Basalt voters will go with their guts on plastic bags
BASALT – Basaltines will vote on a plastic-bag ban April 3 without much bombast or bluster. Neither side in the debate plans to spend much time or effort on the campaign, representatives said Tuesday.
Roy Chorbajian, the Basalt resident who gathered signatures on a petition to get the issue before voters, said he doesn’t want to engage in a nasty back-and-forth debate with proponents of the plastic-bag ban. He wouldn’t make any predictions about an outcome, explaining that he didn’t want to “jinx” anything.
“If all the people that signed (the petition) vote, we’ve got a good shot,” Chorbajian said.
Tripp Adams, a member of Basalt’s Green Team and a proponent of the bag ban, said he and allies also don’t intend to “get into a big political debate over it.” Instead, they will appeal to what they believe is a sense of obligation to do what is best for Mother Nature.
“It’s really about doing the right thing,” Adams said.
The issue followed a long, strange trip through the legislative process to land on Basalt’s ballot. Here’s how:
• The Green Team, composed of residents and council members, urged the Town Council last summer to adopt a ban on single-use paper and plastic grocery bags.
• The Town Council voted in September to implement a 20-cent fee on both types of grocery bags starting May 1.
• The move was challenged by Chorbajian. He launched a petition drive designed to force the council to rescind the bag-fee ordinance or place the issue on the ballot. Chorbajian needed 231 signatures from town voters to force action; he collected 264.
• The council rescinded the ordinance, which created the fee on paper and plastic, replaced it with a ban on plastic grocery bags and retained a 20-cent fee on
paper bags. The council members said they wanted a proposal consistent with those passed by the elected boards in Aspen and Carbondale. They agreed to honor the effort of Chorbajian and placed the issue on the April 3 ballot. Carbondale residents will also vote that day on the plastic grocery bag ban.
Chorbajian said he is against Basalt’s proposal for three simple reasons. The vast majority of people re-use plastic grocery bags for everything from trash container liners to picking up dog waste. It’s unfair to “pick on” grocery stores when so many other stores provide plastic bags, he said. And, finally, people “don’t want government intervention” in their lives when it comes to issues like grocery bags, Chorbajian said.
Proponents contend banning plastic bags will benefit the environment in a number of ways, including reducing petrochemicals used to make them.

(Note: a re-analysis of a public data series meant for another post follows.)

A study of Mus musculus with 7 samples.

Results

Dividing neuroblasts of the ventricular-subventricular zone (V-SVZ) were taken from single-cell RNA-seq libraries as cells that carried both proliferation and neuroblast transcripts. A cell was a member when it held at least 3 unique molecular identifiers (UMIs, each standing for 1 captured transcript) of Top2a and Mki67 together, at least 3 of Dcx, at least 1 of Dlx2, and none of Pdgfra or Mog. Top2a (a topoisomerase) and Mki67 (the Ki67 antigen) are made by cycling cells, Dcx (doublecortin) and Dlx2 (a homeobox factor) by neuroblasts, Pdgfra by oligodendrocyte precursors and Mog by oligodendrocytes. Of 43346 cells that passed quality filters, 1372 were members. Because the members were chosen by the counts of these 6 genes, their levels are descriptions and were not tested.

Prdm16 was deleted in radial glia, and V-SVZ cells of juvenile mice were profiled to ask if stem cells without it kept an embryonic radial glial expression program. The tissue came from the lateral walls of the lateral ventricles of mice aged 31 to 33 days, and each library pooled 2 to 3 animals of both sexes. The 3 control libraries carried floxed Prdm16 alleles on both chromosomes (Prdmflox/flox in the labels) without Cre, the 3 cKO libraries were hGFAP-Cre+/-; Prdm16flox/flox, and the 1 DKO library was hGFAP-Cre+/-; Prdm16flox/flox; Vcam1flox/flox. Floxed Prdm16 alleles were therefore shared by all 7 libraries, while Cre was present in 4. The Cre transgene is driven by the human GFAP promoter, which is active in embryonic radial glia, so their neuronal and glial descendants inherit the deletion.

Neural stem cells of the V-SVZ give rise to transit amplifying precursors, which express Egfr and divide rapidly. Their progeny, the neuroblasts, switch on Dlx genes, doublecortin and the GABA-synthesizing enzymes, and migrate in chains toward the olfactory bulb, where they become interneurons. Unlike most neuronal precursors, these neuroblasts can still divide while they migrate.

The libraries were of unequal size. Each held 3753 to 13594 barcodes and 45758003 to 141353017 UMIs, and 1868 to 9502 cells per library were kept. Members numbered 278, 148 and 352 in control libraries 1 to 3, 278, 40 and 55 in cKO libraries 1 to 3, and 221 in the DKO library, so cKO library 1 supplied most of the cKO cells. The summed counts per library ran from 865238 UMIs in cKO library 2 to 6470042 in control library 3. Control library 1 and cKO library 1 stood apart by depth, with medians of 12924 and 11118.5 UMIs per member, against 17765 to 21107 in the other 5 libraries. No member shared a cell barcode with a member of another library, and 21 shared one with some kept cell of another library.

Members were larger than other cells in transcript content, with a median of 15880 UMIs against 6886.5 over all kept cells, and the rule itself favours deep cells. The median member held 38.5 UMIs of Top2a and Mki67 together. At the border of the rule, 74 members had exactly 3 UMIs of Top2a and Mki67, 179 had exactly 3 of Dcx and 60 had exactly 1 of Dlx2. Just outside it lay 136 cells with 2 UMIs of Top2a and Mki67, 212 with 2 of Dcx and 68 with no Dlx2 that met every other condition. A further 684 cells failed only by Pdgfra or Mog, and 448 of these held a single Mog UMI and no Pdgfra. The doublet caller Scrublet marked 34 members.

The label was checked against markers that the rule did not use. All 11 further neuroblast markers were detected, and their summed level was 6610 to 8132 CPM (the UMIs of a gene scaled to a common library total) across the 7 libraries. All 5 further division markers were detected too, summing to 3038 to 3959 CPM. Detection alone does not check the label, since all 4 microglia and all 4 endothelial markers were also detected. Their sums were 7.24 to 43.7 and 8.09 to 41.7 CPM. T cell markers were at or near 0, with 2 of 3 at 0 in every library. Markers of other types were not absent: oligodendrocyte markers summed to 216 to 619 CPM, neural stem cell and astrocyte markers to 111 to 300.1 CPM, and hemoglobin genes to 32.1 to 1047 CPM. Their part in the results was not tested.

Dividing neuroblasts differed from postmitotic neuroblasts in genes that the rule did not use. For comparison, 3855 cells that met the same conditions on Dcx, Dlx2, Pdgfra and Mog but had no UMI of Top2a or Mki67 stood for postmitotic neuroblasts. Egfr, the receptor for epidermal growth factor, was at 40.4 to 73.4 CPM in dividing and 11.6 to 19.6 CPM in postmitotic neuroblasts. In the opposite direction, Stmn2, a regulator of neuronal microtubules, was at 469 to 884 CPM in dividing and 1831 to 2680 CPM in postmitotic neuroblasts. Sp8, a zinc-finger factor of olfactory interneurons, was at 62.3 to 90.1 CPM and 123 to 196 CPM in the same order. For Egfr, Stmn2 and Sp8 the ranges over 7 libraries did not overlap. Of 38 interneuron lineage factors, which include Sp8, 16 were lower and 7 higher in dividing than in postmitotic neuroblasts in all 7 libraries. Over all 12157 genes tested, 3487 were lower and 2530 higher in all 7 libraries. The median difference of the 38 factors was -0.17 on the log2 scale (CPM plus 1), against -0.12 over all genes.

Adams said the plastic bag ban should be supported to reduce the unnecessary consumption of materials. “Why create excessive waste and then throw it in the landfill?” he asked.
Basalt Councilman Peter McBride was a key proponent of the proposal. He said he cannot campaign for passage as an elected official because of state regulations. However, as a private citizen he will “trumpet the issue” and answer residents questions, he said.
McBride said he wants to see a change of habits in our “throw-away society.” He has witnessed the overwhelming collection of plastic bottles and bags at the end of the Colorado River as well as in some of the oceans and seas of the planet. He said he would like to see changes made without elected officials forcing action.
“I’ve said all along industry should make the change. They haven’t,” McBride said.
The plastic bag ban isn’t supported by all Basalt environmental advocates. Town resident Jim Paussa supported Chorbajian’s effort – although for different reasons.
“I think we should be doing a lot more for the environment,” Paussa said. He said he is concerned about the effects of plastic waste, but thinks Basalt needs to look at a bigger picture rather than just a plastic bag ban.
“We could get together if we had the leadership and do something that really has an impact,” Paussa said.
He favors tapping various experts in the environmental sciences from the Roaring Fork Valley and charting a course to make a true, wide-ranging environmental impact, such as reducing energy consumption and, thus, the carbon footprint of the valley.
Accomplishing that goal would require a grassroots effort that engages as many people as possible or, at least, enlists trusted representatives of all viewpoints, Paussa said. And it is a process that would take months.
The effort would need to concentrate on solutions and downplay positions that lead to stand-offs, according to Paussa. “The tree hugger and the redneck aren’t that far apart,” he said. “We just need to sit down and talk to them.”
He was critical of the way the bag ban came about.
“This process was top down,” Paussa said. “Government decided what they thought had to happen and they implemented it.”
As a result, the town has been polarized, in Paussa’s eyes. He believes the April 3 election is really a lost opportunity to make meaningful progress on environmental issues.